It's been a big year for the Sumner Ferrymead Foundation in so many ways. The Trustees wanted to raise the profile of the Foundation to increase the number of requests for funding and the number of donations, so they worked with local creative Stephen McCarthy to revamp the look of the brand. The new brand was used to launch a range of scholarships and awards, and to develop new collateral to promote the work of the Foundation.
"As a result, there has been a significant increase in the number of grants we have given out this year which is gratifying on so many levels," said Treasurer Barry Geddes. "It's been a tough year so it's pleasing to see that the Sumner Ferrymead Foundation helping more locals, and it also means more people are becoming aware of the work of the Foundation."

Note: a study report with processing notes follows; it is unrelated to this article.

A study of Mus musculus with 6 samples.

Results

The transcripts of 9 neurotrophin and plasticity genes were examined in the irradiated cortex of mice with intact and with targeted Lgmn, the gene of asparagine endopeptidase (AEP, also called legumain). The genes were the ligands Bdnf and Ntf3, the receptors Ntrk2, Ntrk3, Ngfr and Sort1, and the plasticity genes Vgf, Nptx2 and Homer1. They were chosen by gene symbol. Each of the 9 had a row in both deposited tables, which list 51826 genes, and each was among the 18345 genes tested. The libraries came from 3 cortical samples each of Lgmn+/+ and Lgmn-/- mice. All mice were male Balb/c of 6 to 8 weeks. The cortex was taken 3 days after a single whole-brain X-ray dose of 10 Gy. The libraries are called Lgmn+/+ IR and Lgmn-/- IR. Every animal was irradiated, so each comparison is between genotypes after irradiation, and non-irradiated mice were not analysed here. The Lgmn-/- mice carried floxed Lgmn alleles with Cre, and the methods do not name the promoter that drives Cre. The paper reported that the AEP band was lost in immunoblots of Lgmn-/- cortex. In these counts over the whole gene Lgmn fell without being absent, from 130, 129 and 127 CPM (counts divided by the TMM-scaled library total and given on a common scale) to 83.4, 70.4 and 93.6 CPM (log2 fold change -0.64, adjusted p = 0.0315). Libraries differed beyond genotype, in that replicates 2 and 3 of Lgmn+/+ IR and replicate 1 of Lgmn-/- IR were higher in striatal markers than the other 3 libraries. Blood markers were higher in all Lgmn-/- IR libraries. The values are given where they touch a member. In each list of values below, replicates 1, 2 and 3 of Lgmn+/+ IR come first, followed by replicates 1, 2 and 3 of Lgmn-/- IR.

However one thing hasn't changed …. It's still locals helping locals. The Foundation's grants all go to locals, the trustees are all locals, and this year all donations came from locals or former locals too. "And that is our project for this coming year" said Geddes, "asking locals to donate to their local charity so they can help us to help others."
People can give a donation for a nominated project (e.g. sponsoring a specific scholarship) or it can be a discretionary donation which is where the trustees use the donation to fund grants, scholarships and awards for residents in the catchment area.
There is also the option to leave a bequest which is where you leave instructions in your will about your donation. "I'd be happy to chat to anyone if they have any queries, as would any trustee" said Geddes.
Meanwhile, there are a number of locals – individuals, clubs, schools and the community - who are benefiting from the work of the Sumner Ferrymead Foundation. Support this year has gone to competitive cyclist Amelia Sykes for her new wheels, Taylors Mistake Surf Club for their community engagement project, Redcliffs School for new books for their MSL programme and Sumner Community Residents Association for the HERO awards, to name just a few.